Our history

The history of policing in Western Australia began with the founding of the colony in 1829 when Governor Stirling appointed a few part-time constables to maintain public order in Perth and Fremantle.

A troop of Mounted Police was formed in 1834 and other types of police were added as the needs of the colony changed, particularly after the introduction of convicts. The colony's Legislative Council passed a Police Ordinance in 1849 that outlined police powers and responsibilities. An organised police force did not as yet exist. The force was formally established in 1853, when a Chief of Police was appointed and a Code of Rules published outlining an administrative structure.

In 1861, a second and expanded Police Ordinance was passed to clarify the chain of command, the powers and responsibilities of members and the various offences they had to deal with. In that year, the force consisted of about 75 commissioned officers and men. The extent of police jurisdiction expanded with the State, and by the time the Police Act of 1892 - still largely in force - was passed, the number of members had increased threefold.

Until the era of Commissioner Robert Connell, who took the reigns in 1912, the management of the police was largely in the hands of colonial gentry, former military men and public servants.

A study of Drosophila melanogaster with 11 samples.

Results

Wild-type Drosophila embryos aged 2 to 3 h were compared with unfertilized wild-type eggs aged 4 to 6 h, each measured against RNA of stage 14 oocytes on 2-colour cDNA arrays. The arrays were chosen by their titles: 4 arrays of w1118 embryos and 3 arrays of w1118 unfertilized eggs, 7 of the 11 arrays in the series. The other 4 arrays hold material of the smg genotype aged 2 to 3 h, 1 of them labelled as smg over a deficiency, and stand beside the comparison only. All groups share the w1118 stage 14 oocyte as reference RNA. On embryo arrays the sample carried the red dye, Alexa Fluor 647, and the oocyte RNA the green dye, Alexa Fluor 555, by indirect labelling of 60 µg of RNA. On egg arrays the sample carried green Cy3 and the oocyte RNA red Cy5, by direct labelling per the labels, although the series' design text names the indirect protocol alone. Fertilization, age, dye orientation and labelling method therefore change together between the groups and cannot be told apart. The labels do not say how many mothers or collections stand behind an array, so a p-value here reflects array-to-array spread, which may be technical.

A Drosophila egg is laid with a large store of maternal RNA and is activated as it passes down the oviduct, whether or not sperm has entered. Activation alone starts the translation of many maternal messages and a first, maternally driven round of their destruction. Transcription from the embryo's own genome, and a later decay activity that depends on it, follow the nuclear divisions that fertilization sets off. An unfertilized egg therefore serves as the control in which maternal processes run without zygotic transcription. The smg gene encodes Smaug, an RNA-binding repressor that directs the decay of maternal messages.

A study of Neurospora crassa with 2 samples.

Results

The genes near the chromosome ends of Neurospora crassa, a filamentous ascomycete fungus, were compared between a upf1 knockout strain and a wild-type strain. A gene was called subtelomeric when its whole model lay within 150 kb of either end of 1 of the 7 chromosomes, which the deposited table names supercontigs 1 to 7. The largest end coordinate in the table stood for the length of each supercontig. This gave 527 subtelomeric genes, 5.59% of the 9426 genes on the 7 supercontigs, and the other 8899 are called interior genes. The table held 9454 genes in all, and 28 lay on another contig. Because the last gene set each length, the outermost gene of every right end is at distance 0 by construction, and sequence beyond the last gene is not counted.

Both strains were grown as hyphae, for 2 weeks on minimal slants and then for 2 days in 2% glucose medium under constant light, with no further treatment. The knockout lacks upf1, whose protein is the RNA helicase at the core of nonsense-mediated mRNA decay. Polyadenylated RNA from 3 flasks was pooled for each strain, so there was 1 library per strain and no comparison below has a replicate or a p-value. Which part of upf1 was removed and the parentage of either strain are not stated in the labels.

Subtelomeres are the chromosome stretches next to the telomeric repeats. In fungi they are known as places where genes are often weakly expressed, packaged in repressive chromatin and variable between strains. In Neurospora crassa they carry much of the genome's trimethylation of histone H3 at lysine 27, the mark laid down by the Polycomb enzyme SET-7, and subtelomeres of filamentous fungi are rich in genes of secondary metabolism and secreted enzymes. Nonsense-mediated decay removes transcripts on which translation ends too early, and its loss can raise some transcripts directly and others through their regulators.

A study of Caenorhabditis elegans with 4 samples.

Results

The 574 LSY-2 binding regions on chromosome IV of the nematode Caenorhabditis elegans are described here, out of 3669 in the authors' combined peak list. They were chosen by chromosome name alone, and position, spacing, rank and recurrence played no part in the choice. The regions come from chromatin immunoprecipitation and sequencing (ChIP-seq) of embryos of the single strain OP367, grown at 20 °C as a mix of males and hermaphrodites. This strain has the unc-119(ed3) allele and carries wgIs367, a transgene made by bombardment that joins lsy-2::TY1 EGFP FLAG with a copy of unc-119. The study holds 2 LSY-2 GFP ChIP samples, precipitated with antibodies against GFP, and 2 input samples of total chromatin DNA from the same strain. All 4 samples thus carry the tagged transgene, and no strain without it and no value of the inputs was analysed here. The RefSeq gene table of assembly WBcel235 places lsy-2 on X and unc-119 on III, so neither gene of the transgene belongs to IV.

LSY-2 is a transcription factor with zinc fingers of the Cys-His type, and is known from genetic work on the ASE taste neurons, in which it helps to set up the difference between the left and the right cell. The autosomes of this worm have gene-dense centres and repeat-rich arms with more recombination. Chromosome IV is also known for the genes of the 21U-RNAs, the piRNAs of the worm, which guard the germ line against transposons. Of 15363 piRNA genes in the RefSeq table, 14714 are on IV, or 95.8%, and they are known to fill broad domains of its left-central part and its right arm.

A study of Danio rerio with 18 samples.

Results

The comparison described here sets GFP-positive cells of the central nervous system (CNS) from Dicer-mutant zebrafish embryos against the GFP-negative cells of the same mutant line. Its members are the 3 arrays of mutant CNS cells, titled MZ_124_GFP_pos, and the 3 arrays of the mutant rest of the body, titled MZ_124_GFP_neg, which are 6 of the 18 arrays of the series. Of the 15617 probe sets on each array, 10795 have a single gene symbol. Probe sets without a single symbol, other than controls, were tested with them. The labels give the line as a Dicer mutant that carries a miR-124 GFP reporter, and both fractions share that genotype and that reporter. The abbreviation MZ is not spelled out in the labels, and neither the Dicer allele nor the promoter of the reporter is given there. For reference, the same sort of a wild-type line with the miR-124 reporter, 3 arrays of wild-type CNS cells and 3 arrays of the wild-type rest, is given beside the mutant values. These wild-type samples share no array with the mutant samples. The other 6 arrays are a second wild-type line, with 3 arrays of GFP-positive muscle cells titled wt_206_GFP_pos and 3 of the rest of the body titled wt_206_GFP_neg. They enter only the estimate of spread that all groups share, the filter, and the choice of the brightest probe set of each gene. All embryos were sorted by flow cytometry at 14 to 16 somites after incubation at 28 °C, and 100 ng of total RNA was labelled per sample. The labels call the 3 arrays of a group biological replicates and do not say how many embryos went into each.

Connell came to power at a time when major technological innovations, such as the introduction of finger printing and motor transport, were about to change the nature of police work. During his 21-year stint as Chief of Police, he introduced a number of major reforms that gave the police force a stable shape and structure until the present age.

One example was the introduction of the first women police in the State in 1917. They remained something of a separate entity and carried out quite specialised functions until being integrated into general policing in the 1970s.

Since the numbering system was introduced for members in 1898, over 10,000 men and women have served in the police. The changing of the organisation's name to the Western Australia Police Service came with the appointment of Commissioner Robert Falconer in 1994, the first police officer with a non-West Australian career background. Mr Falconer began a reform process involving structural and personnel changes on a large scale. The Delta Program was utilised to introduce these changes.

The following Commissioner, Barry Matthews, was the first Chief of Police appointed directly from another country since 1867. His successor, Dr Karl O'Callaghan, oversaw changes in the structure and administrative style of the service as far-reaching as that of the Connell era.